Saturday, September 14, 2013

Principles of a universal health insurance model

Health care reforms have been fiercely debated across the world for more than three decades. Unfortunately there has been limited consensus on even fundamental issues. I find this a bit surprising since there are certain basic and self-evident features of health care market, which have been widely researched, that distinguishes it from other markets. Here are atleast two very important features that distinguish health care from other services.

1. The provision of health care is different from any other service or good traded in the market. Even though a very rich body of established research has shown that health care market suffers acutely from problems of information asymmetry and inherent limits to competition (patients cannot shop either because of the urgency of their medical condition or because of limited choice in their geographical or insurance area). Health care is not broccoli.

2. An unregulated health insurance systems suffers from multiple sources of incentive distortions and resultant market failures. The disconnect between service delivery and price signal at all levels - doctors dispensing care, patients demanding care, providers selling diagnostic and procedures, employers paying premiums, or insurers paying providers - creates a web of incentives that works against keeping costs under control.

In light of this, a universal health insurance model would have to adhere to atleast the following five principles.

1. The widest possible risk pool is necessary to keep costs down. Healthy individuals would be averse to paying the high cost of insurance, though they would then impose negative externalities by seeking subsidized care (either as part of a public health care system or even in a private insurance scheme) when they get old. Mandatory enrollment is therefore critical to the success of any universal health insurance model.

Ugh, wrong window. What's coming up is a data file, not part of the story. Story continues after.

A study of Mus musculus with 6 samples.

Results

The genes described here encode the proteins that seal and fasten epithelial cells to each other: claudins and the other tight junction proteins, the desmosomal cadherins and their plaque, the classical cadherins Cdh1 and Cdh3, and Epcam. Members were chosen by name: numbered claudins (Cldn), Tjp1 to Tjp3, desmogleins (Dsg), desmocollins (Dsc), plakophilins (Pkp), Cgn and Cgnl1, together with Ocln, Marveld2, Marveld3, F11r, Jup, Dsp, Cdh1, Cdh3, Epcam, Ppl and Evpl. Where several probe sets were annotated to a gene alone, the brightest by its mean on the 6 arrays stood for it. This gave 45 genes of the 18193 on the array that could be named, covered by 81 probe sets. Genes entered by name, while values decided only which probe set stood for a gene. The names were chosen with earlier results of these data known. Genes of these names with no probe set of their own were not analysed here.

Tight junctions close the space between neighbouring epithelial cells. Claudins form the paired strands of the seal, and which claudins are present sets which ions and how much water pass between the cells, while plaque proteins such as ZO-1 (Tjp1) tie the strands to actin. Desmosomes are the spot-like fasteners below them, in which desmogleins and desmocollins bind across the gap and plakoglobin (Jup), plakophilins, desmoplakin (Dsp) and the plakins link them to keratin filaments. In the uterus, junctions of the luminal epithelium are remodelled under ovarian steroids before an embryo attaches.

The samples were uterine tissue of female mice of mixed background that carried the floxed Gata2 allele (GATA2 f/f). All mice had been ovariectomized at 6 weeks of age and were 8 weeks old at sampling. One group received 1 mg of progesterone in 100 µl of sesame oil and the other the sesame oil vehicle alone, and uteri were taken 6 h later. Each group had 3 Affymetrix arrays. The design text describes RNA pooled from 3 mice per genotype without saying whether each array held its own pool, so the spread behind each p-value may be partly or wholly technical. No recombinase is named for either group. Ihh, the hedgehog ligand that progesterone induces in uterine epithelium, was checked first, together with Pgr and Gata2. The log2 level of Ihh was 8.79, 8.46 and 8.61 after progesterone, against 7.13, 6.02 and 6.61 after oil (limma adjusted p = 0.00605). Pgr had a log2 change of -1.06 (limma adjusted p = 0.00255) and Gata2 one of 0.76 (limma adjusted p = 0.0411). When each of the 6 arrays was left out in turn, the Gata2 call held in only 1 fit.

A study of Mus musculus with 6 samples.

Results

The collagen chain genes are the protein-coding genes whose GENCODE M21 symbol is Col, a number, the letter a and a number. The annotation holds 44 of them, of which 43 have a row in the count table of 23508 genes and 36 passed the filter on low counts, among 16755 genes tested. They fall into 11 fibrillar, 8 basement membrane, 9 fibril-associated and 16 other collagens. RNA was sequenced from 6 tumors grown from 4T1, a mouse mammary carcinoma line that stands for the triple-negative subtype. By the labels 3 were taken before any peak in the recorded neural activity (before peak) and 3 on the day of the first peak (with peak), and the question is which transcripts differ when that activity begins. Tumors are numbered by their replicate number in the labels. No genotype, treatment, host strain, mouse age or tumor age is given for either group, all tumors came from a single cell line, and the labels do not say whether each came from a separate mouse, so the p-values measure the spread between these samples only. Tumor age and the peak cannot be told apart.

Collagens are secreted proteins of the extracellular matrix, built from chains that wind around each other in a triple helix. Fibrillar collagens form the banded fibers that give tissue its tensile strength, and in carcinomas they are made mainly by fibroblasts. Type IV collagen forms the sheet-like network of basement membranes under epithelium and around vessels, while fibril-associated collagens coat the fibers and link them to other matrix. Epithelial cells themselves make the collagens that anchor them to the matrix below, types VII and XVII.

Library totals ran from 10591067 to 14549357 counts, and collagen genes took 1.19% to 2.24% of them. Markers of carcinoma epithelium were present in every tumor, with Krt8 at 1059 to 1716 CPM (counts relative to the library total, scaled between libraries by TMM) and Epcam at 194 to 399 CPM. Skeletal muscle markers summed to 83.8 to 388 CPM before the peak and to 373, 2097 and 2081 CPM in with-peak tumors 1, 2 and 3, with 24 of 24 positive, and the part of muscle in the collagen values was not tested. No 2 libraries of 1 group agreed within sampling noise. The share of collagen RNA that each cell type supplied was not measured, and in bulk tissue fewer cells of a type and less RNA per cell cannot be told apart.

2. The cost of insurance cannot be based on pre-existing conditions. If this were the case, insurers would cherry-pick and premiums would be highest for those most in need of health services, thereby negating the very objective of health insurance. Furthermore, it would force insurers into spending large amounts in screening and other administrative services, thereby reducing the efficiency of aggregate health care spending. Community rating - whereby insurers provide the same policy at same price to all people of an age group within an area irrespective of their pre-existing medical condition - has to be an essential requirement for any universal health insurance model.

3. Health care services have to be rationed. As people live longer and technology advances, the cost of health care will be raised by both supply and demand side factors. Given the fiscal constraints of governments, it may not be possible to deliver the best available care as part of a universal health insurance model. There would have to be rationing in atleast two dimensions. One, any universal health insurance model can be sustainable only if it restricts coverage to a basic set of services, with the boundaries of coverage being determined by the degree of fiscal space available for governments.

Two, as the choice of diagnostic and treatment options expand, accompanied with exponentially rising costs, we would also need to value human life and determine thresholds for certain critical and terminal care options. A robust system of determining cost-effectiveness of diagnostic and treatment options is essential to keep a lid on rising costs. The British NHS has the National Institute for Health and Care Excellence (NICE), which has the authority to adjudicate on the cost-effectiveness of new diagnostic and treatment options.

4. The pricing of health care services - diagnostic and treatment services - by care providers cannot be purely market determined. The most effective price discovery mechanism would be for suppliers, health providers, and consumers, insurers, to engage in negotiations at an appropriately large geographical level, and arrive at a clearly defined fee schedule for all services. In its absence, a government intermediated process of price fixing may have to do the role of price discovery.

5. Finally, a universal health insurance system, however well deigned, will not be affordable to the poorest without some degree of premium support. The extent of premium support would depend on the country's poverty levels.

Update 1 (9/23/2013)

Five percent of patients account for 50% of US health care spending, with the top 1% accounting for 20.2% of the spending. Most of this is concentrated in terminal care and mental health type conditions.

National Institute for Health Care Management

Update 2 (10/6/2014)
Excellent primer on health care spending in the US from Vox.